Shan Hur : The door in the wall


Exhibition Dates: 30.01. – 22.03.2015
Private View: 29.01.2015 | 6-8pm
Location: Gazelli Art House 39 Dover Street London W1S 4NN

In this new series of sculptural work, which includes large-scale graphite renderings, wall sculptures, his signature cracked columns and domestic-size bronze wall pieces, Hur continues his exploration of the significance and historical references retained through traditional objects.

Marked by the discoveries found from cultural evolution and constant transitions, The Door In The Wall engages the viewer and retraces Shan’s origins by incorporating antiquities such as buddhas, bronze knives and traditional Korean chiming cups, obtained from his hometown in South Korea, within these structures. For this exhibition the artist uses a variety of materials such as Zelkova wood – a traditional Korean tree commonly used for bonsai- graphite, bronze and concrete, to embark the audience in an excavation of Urban recollection. The works located on the ground floor directly reference Shan’s fascination with cultural evolution, as his graphite renderings and concrete wall sculptures reference both a 9.7 meter ship hull, unearthed at Ground Zero’s construction site in New York*, and the shoes found within, believed to belong to the passengers of the vessel. Composed of Zelkova wood, the second wall sculpture is more of a literal interpretation of a ‘door in a wall’, and refers to a recently discovered wooden door like panel, dating back from the Saxon period*.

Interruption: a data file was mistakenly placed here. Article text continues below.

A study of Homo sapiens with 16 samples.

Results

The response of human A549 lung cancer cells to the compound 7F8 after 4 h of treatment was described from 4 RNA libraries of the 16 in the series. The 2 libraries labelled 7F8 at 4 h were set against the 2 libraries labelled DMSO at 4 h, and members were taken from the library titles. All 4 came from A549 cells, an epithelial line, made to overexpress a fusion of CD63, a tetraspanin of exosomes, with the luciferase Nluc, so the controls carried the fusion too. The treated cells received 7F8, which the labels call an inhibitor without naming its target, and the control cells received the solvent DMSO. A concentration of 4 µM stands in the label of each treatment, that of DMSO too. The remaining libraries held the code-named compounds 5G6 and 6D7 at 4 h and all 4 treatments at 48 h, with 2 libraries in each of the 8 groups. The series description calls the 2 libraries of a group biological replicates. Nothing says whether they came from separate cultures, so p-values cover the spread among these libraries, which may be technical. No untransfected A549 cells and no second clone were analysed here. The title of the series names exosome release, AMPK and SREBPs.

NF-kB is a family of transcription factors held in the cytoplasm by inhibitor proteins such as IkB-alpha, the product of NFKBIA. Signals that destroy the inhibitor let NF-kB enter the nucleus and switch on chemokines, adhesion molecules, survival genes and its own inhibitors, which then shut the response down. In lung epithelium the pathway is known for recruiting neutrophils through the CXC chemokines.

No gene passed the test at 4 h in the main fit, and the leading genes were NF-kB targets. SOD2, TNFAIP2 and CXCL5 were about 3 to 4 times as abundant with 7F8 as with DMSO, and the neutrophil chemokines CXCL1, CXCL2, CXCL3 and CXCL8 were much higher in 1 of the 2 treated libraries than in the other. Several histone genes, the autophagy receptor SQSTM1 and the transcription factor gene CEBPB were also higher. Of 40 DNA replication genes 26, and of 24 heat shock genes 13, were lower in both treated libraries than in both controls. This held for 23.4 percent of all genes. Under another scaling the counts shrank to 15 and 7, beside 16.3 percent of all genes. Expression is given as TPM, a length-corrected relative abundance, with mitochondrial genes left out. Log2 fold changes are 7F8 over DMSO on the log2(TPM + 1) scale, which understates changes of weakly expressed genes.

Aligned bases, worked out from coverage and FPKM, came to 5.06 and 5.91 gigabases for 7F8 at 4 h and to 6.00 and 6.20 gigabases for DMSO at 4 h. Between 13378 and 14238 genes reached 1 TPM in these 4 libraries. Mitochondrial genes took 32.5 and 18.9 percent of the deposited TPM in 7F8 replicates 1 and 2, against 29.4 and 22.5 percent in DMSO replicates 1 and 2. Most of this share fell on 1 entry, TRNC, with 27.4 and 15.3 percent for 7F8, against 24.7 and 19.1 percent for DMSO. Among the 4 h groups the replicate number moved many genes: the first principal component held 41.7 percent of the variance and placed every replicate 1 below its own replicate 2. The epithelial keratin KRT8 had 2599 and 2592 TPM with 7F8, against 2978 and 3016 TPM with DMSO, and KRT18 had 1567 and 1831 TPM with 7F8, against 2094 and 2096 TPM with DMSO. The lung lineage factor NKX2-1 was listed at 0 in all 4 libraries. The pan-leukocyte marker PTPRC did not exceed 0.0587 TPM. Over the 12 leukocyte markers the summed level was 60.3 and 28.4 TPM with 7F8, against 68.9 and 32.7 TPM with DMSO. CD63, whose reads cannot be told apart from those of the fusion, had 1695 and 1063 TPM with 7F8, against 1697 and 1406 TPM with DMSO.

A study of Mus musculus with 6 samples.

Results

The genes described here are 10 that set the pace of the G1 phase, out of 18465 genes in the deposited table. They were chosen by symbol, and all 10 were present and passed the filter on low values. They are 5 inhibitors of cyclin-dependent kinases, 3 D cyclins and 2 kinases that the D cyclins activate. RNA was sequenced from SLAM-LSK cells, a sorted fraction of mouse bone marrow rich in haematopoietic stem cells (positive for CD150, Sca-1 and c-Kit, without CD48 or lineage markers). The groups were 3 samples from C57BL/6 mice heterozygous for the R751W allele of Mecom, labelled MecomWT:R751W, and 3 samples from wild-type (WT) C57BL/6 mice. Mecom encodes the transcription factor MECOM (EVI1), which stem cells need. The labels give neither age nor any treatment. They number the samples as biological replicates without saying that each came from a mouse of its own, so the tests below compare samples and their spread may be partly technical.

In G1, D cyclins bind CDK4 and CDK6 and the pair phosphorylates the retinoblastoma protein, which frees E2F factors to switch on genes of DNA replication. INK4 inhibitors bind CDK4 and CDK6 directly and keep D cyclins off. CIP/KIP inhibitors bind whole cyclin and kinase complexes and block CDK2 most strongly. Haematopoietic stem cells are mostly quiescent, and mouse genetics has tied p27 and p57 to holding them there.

The Door In The Wall examines the conjunction and meanings we attach to our surroundings, inspired by engravings of Buddha the artist came across in the mountains of South Korea, the wall sculptures and broken pillars located on the first floor of the gallery, conceal unexpected items of treasure, and underline the importance of prehistory. Throughout the exhibition Shan questions the relationships between the cracks and the space, by including the supporting foundation structures of the gallery, such as the pillars within the work. By incorporating found objects inside the pillars and questioning the physical space of the gallery his interventions disrupt the viewer’s perception of the gallery space and the role it plays in showcasing the work.